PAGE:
Here it is clearly mentioned that the child Nārāyaṇa was so young that he could not even speak or walk properly. Since the old man was very attached to the child, he enjoyed the child’s activities, and because the child’s name was Nārāyaṇa, the old man always chanted the holy name of Nārāyaṇa. Although Ajāmila was referring to the small child and not to the original Nārāyaṇa, the name of Nārāyaṇa is so powerful that even by chanting his son’s name he was becoming purified. Śrīla Rūpa Gosvāmī has therefore declared that if one’s mind is somehow or other attracted by the holy name of Kṛṣṇa (tasmāt kenāpy upāyena manaḥ kṛṣṇe niveśayet [SB 7.1.32]), one is on the path of liberation. In India even today parents often give their children names of God, such as Kṛṣṇa, Govinda, or Nārāyaṇa. Thus the parents chant the names Kṛṣṇa, Govinda, or Nārāyaṇa and get the chance to be purified.
At the time of death, Ajāmila was chanting the name of Nārāyaṇa in connection with his youngest child. Since Ajāmila was the son of a brāhmaṇa, he had been accustomed to worshiping Nārāyaṇa in his youth, because in every brāhmaṇa’s house there is worship of Nārāyaṇa. Therefore, although the contaminated Ajāmila was calling for his son, by concentrating his mind on the holy name of Nārāyaṇa he remembered the Nārāyaṇa he had very faithfully worshiped in his youth.
The value of remembering Nārāyaṇa at the time of death is explained in the Second Canto of the Śrīmad-Bhāgavatam (2.1.6):
janma-lābhaḥ paraḥ puṁsām
“The highest perfection of human life, achieved either by complete knowledge of matter and spirit, by acquirement of mystic powers, or by perfect discharge of one’s occupational duty, is to remember Nārāyaṇa, the Personality of Godhead, at the end of life.”
Somehow or other, therefore, Ajāmila consciously or unconsciously chanted the name of Nārāyaṇa at the time of death and became all-perfect.
Death, a Critical Time of Life
As mentioned above, one’s mentality at the time of death is all-important. But if we become complacent and think, “Oh, death takes place—what of it?” then we cannot advance on the spiritual path. Just as the air carries fragrances, so a person’s mentality at the time of death will carry him to his next life. If he has cultivated the mentality of a Vaiṣṇava, a pure devotee of Kṛṣṇa, then he will immediately be transferred to Vaikuṇṭha. But if he has cultivated the mentality of an ordinary karmī, a fruitive worker, then he will have to stay in this material world to suffer the consequences of the kind of mentality he has thus created.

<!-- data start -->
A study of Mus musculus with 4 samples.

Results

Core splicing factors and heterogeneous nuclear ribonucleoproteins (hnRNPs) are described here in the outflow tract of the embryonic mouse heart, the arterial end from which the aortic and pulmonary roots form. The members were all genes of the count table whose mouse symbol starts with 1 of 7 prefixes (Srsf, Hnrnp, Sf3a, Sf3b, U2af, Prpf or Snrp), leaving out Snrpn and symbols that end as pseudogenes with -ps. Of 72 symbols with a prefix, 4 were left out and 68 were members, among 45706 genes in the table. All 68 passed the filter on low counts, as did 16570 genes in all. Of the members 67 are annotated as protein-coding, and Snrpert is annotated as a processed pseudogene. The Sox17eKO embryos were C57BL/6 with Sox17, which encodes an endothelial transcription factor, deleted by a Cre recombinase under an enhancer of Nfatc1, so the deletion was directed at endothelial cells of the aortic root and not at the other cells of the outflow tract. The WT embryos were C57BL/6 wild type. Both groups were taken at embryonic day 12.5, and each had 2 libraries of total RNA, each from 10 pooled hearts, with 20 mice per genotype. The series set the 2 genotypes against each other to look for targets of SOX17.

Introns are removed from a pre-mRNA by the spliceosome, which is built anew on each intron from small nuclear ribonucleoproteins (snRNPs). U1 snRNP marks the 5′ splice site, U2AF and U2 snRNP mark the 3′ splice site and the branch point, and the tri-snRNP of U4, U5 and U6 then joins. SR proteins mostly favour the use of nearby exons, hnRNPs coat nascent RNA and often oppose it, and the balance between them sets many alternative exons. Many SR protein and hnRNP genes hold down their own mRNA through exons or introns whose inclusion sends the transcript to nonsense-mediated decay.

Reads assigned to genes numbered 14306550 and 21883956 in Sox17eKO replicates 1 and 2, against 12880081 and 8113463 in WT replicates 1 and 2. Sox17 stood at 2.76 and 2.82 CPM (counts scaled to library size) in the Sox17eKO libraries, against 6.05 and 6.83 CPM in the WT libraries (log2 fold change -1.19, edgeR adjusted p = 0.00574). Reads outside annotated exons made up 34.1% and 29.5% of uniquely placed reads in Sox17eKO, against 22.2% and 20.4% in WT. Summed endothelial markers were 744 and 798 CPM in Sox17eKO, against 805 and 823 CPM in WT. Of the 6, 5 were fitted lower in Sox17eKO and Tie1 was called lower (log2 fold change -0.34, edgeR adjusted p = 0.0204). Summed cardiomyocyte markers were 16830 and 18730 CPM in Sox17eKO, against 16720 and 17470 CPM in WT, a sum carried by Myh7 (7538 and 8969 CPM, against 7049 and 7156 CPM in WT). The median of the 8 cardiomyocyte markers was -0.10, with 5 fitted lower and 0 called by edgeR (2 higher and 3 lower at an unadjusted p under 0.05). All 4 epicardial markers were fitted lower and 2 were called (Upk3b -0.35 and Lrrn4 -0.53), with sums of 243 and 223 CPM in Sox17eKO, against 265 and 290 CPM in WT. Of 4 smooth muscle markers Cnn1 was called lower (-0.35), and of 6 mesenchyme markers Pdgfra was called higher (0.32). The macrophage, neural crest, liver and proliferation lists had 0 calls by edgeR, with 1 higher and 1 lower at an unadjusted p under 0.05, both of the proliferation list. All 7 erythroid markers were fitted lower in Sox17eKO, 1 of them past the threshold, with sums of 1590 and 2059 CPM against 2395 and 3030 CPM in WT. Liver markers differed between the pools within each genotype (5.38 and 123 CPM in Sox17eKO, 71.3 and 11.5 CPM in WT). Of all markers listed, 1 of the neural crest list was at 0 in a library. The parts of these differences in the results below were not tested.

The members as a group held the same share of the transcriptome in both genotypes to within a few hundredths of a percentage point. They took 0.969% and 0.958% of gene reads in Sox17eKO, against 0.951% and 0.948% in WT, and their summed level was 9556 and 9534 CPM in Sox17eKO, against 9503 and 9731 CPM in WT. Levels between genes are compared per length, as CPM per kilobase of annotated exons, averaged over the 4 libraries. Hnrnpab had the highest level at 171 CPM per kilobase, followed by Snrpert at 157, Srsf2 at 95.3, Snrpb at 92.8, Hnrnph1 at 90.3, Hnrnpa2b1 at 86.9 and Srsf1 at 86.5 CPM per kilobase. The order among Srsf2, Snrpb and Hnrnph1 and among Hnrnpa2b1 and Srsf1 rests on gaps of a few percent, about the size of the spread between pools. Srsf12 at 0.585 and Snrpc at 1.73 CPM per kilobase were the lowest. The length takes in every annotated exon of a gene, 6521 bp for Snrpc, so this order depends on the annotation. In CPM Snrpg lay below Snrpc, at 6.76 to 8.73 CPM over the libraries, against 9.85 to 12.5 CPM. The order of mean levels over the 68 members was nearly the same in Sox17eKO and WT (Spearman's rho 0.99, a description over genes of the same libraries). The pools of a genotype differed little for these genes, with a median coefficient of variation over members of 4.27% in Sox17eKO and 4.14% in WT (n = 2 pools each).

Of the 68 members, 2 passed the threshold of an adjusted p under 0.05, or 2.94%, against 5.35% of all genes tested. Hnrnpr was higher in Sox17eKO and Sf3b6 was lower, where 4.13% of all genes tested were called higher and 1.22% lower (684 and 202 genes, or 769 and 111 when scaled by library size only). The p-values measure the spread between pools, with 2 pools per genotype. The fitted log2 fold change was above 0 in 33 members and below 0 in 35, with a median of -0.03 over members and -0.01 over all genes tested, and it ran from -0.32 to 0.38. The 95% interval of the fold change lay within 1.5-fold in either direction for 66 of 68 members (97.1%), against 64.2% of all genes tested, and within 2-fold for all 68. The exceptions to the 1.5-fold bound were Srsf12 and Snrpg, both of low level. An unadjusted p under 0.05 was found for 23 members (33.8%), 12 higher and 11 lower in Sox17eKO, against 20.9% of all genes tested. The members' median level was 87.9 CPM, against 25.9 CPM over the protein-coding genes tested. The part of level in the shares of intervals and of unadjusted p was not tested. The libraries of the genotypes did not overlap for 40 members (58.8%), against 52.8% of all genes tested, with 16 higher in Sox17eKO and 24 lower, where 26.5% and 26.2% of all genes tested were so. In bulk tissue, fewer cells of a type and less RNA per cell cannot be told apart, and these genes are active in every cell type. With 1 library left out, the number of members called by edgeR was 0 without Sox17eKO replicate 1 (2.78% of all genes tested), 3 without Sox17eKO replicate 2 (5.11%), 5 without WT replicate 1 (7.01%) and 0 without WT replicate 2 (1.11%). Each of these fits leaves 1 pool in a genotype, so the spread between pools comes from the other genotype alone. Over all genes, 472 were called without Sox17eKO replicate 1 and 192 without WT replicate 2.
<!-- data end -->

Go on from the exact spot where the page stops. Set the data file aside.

Suppose I am a businessman. If I simply do business up till the point of death, naturally my mentality will be business. One Calcutta businessman at the time of death asked about the management of his mill. He might have taken his next birth as a rat in his mill. This is possible. At the time of death, whatever you are thinking will carry you to your next body. Kṛṣṇa is very kind, and whatever mentality one is absorbed in at the time of death, Kṛṣṇa will provide an appropriate body: “All right, you are thinking like a rat? Become a rat.” “You are thinking like a tiger? Become a tiger.” “You are thinking like My devotee? Come to Me.”
By chanting Hare Kṛṣṇa, we can mold our thoughts so that we are always thinking of Kṛṣṇa. As Kṛṣṇa recommends in the Bhagavad-gītā (6.47), yoginām api sarveṣāṁ mad-gatenāntarātmanā: “The first-class yogī is he who always thinks of Me within his heart.” The Kṛṣṇa consciousness movement is especially meant for helping the members of human society come to this state of full Kṛṣṇa consciousness. Then at the end of life one will simply remember Kṛṣṇa. Whatever you practice throughout your life will determine your consciousness at death. That is natural.
One who properly prepares for the time of death is really intelligent, while one who thinks he can remain at home forever and enjoy the association of his wife and children is a fool. In illusion a man thinks, “My bank balance, my nice house, and my family will protect me.” But these cannot protect anyone. The Śrīmad-Bhāgavatam (2.1.4) declares,
ātma-sainyeṣv asatsv api
teṣāṁ pramatto nidhanaṁ
paśyann api na paśyati
“One who is mad thinks, ‘My strong body, my grown-up children, my good wife, and my bank balance will save me.’ ” We are simply struggling in this material world like soldiers fighting on a battlefield. Our soldiers are our children, our wife, our bank balance, our countrymen, etc. The Śrīmad-Bhāgavatam warns us not to take shelter of such fallible soldiers. Even though a man has seen that his father and grandfather, who were once living, are existing no more, he does not see that likewise everyone, including himself, will be destroyed. How can he protect his son? How can his son protect him? These questions do not arise for the materialist who is simply engrossed in the animal propensities of eating, sleeping, defending, and mating.